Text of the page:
Have you heard the story of the colossal customer-service bungle over the “bedbug letter”?

A guest in a hotel finds himself attacked by bedbugs during his stay. He writes an angry letter to the president of the hotel company. Within days, the president sends the guest a heartfelt apology, which reads, in part: “I can assure you that such an event has never occurred before in our hotel. I promise you it will never happen again.”

Sounds good, except for one small detail: Included with the apology is the guest’s original letter. Scrawled across the top is the message: “Send this idiot the bedbug letter.”

So it begs the question, who is sorry now?

There are several lessons to be learned from this tale:

• Remedial customer service may start with an apology.

• Never, ever mess up an apology.

• The apology is almost always the start, not the end, of finishing things.

• If you think being sorry solves a problem, you will really be sorry.

• Finally, the cost of the fix is nearly always greater than doing things right the first time.

Start with the premise that everyone makes mistakes. It’s human nature. What happens next is what demonstrates the true level of regret. The hotel president likely lost that customer forever. Unfortunately, it doesn’t stop there. That customer tells anyone who will listen about his experiences — both with the bugs and the insulting letter. Reputations are ruined in an instant.

Businesses long have understood that bad customer experiences will be reported to family and friends nine times more than good experiences. Misery loves company, I guess.

Even the most sincere apology has limited effect. But if it helps a little, it’s worth the effort. So don’t blow what could be your only opportunity.

We see an apology from some thoughtless public figure every week: “If I offended anyone, I apologize.” “My words were taken out of context.” “I didn’t realize that my actions would cause such a stir.” All pretty pathetic attempts at sounding sorry, in my opinion.

Train your brain to think before you speak, act or tweet. Self-restraint is not old-fashioned. Remember that your private conversations or anonymous postings may be anything but private and anonymous.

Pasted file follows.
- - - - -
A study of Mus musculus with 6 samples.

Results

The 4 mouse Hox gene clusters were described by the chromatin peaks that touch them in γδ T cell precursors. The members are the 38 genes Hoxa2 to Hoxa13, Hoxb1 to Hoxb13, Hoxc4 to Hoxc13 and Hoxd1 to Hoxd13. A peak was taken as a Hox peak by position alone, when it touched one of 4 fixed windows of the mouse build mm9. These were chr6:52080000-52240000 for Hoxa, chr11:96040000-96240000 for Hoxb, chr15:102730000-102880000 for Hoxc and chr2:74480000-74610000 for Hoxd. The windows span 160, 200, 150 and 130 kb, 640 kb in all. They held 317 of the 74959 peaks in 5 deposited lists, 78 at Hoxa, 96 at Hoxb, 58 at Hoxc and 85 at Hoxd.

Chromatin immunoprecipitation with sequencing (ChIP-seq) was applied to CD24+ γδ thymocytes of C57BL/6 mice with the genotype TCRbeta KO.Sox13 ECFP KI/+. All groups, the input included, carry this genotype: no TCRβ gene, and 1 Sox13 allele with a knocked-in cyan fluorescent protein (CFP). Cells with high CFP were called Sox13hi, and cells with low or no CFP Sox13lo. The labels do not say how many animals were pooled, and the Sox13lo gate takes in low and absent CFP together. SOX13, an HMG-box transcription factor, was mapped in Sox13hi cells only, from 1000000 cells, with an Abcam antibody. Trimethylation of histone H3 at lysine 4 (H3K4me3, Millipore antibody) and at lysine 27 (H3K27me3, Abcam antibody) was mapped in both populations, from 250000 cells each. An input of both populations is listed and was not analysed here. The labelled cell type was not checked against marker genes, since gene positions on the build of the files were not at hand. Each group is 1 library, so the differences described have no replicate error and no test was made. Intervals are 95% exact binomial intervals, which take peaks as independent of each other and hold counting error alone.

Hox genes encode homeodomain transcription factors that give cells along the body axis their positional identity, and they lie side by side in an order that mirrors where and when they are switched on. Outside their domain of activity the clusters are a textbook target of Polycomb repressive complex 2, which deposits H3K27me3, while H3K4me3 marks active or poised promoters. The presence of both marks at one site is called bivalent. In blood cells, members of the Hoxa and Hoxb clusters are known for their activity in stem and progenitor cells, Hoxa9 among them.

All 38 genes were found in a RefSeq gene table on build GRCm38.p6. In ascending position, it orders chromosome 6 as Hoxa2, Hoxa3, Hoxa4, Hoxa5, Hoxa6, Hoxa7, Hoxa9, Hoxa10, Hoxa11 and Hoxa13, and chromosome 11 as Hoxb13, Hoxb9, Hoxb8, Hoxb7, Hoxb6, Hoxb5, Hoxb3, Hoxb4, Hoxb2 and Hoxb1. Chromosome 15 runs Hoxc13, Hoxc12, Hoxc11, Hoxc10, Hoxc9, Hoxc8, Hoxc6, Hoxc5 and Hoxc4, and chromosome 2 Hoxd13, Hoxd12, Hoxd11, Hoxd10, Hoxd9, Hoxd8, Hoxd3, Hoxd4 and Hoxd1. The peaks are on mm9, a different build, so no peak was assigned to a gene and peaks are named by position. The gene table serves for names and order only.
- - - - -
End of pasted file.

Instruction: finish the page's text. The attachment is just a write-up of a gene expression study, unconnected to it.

The apology is just the beginning. It is critical to get it right. So take steps to be sure you don’t disappoint a second time. The shallow “if I offended anyone” indicates that you are only sorry because you were forced into the apology. I’m curious, does anyone take those kinds of apologies seriously?

In business situations, apologies are generally related to poor service or defective products or missed deadlines. Those apologies must go beyond words.

First, admit your mistake. Don’t gloss over the error or the effect it had on your customer. Get to the point and own the situation. You will not win the blame game.

Next, offer a solution that will demonstrate your sincere desire to make things right. Even if the customer had some responsibility, the cost of fixing one mistake is much lower than trying to repair a reputation after you’ve been panned on Facebook, Twitter or Angie’s List.

Third, express your intention to make sure the same mistake never happens again. Offer the customer an opportunity to make suggestions, and be prepared to deal with critical feedback. Be sure to thank the customer for his input.

Finally, learn from the experience and use the lesson to train your staff. Make sure they understand that even minor mistakes and disappointments can cause major damage to your company’s good name.

Mackay’s Moral: Saying you’re sorry and showing you’re sorry are not the same thing.


Harvey Mackay is a Minneapolis businessman. Contact him at 612-378-6202 or e-mail harvey@mackay.com.